MINISANTE takes polio immunisation to Rwanda, DR Congo border

The Ministry of Health is to embark on a polio immunisation  programme, targeting about half a million Rwandese children, at the Rwanda-DR Congo border in order to prevent trans-border infections.

The Ministry of Health is to embark on a polio immunisation  programme, targeting about half a million Rwandese children, at the Rwanda-DR Congo border in order to prevent trans-border infections.

According to a United Nations press release, the immunisation which was supposed to kick off yesterday, is expected to take two days.

“This two-day campaign is in response to the detection of four cases of wild polio virus reported in eastern Congo earlier this year. Congo has already conducted a similar campaign along its border areas,” reads the UN statement.

The Ministry of Health is working in partnership with the World Health Organization (WHO) and the United Nations Children’s Fund (UNICEF) to ensure that the population along the borderline is immunised.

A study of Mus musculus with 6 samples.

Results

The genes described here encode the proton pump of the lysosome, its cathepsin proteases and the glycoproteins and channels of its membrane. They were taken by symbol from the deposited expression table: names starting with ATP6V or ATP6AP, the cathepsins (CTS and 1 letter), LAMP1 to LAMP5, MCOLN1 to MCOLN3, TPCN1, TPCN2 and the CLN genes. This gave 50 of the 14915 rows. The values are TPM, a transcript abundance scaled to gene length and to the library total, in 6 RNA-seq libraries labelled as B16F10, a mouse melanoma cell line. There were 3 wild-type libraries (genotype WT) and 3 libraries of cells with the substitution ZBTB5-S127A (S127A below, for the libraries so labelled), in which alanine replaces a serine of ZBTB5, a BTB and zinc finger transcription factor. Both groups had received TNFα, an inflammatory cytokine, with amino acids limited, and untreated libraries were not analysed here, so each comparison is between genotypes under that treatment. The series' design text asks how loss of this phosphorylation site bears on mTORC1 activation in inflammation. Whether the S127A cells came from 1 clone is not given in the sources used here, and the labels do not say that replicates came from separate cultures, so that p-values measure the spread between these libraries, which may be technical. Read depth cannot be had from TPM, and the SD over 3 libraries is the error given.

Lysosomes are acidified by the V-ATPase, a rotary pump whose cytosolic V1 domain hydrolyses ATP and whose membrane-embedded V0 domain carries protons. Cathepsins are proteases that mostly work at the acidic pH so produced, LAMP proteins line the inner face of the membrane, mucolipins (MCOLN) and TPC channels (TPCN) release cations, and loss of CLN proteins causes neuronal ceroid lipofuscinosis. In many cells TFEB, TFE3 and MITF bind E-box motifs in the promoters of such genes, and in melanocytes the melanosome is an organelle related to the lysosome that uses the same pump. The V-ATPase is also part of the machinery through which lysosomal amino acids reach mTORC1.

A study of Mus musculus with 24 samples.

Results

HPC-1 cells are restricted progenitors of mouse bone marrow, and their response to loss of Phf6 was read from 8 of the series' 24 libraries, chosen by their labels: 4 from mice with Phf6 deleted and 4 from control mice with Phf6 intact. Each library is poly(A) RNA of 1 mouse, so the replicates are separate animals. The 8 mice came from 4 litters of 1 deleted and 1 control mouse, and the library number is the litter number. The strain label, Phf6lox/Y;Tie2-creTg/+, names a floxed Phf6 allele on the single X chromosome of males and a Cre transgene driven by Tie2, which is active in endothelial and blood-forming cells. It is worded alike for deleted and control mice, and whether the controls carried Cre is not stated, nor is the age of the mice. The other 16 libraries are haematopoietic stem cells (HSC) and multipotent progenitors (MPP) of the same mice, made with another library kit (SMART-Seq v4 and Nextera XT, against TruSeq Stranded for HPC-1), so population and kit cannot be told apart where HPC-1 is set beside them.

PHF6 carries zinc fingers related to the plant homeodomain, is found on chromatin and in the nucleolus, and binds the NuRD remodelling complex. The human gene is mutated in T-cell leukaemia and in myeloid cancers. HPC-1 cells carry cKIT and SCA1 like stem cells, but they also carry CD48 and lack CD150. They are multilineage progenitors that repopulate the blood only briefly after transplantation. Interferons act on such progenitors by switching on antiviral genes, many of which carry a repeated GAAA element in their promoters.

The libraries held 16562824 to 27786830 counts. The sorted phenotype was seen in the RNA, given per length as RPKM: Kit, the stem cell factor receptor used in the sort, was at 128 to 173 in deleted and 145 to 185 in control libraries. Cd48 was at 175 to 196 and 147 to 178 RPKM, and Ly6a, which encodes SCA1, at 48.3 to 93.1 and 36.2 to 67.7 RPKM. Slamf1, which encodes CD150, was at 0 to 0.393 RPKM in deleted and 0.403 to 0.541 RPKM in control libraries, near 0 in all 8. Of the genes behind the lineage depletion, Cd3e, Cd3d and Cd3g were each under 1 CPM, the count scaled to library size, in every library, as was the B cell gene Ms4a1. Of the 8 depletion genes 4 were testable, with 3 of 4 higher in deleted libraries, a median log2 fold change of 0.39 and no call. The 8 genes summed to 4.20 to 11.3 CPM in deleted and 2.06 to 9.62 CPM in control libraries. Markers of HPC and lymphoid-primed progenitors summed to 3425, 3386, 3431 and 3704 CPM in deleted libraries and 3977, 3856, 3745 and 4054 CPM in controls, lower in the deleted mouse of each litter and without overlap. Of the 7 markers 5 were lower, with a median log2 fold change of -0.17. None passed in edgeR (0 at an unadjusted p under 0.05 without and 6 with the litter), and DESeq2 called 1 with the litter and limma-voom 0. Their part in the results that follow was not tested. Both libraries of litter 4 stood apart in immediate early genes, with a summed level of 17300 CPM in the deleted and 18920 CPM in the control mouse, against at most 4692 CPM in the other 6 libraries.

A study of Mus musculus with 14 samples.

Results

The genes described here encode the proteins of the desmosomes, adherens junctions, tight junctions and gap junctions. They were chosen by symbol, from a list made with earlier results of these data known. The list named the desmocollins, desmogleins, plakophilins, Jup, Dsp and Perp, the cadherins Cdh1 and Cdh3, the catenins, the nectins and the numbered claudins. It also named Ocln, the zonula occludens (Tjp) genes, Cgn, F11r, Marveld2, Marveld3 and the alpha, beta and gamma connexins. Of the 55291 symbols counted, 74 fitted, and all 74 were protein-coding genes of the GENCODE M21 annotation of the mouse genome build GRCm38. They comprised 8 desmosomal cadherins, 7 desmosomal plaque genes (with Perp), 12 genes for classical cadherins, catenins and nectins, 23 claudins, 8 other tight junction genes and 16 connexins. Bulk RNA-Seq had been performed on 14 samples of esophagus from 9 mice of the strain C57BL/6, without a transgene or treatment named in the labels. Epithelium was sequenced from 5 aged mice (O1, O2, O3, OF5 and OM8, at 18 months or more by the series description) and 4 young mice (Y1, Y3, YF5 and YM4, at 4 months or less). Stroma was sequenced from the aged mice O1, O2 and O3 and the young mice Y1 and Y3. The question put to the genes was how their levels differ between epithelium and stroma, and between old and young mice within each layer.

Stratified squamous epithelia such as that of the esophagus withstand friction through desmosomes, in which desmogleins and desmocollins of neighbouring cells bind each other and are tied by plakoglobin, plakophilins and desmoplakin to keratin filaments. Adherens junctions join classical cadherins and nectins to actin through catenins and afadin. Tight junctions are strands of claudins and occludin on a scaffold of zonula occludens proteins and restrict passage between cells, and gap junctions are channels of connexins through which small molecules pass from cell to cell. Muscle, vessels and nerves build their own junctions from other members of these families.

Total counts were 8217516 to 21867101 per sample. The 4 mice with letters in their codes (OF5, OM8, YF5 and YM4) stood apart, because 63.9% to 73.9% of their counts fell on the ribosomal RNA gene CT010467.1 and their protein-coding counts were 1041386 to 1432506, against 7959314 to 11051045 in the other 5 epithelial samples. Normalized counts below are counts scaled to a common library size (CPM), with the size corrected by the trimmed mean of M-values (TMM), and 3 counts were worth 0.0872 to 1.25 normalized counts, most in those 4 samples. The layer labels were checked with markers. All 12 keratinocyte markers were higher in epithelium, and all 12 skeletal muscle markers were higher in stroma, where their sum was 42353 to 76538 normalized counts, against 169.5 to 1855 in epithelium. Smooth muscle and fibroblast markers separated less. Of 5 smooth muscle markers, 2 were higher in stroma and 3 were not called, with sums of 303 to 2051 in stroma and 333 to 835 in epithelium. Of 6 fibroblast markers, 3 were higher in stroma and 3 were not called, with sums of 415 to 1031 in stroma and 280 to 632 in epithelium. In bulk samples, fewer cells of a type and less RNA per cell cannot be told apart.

The immunisation will be carried out in fourteen hospitals in nine districts that share the borderline with DR Congo, and the exercise aims at contributing to the global efforts of achieving a certified Polio-Free World by the end of 2008.

Meanwhile, the UN Resident Coordinator to Rwanda, Aurélien Agbénonci said, “We are confident that our support to such efforts will help to protect children from this debilitating disease and ensure that the Millennium Development Goal to reduce infant and child mortality in Rwanda, remains on track.” 

He added that since the launch of the Polio Eradication Initiative in 1988, the number of polio cases reported annually has generally decreased by 99 percent.

Poliomyelitis, or polio, is a highly contagious viral infection that affects the nervous system.

Children can be infected with it when they eat or drink food and water contaminated with the virus or when they come into direct contact with an infected person’s faecal material or saliva.

Children under the age of five are especially vulnerable. Polio complications are irreversible but they can be easily prevented through immunisation.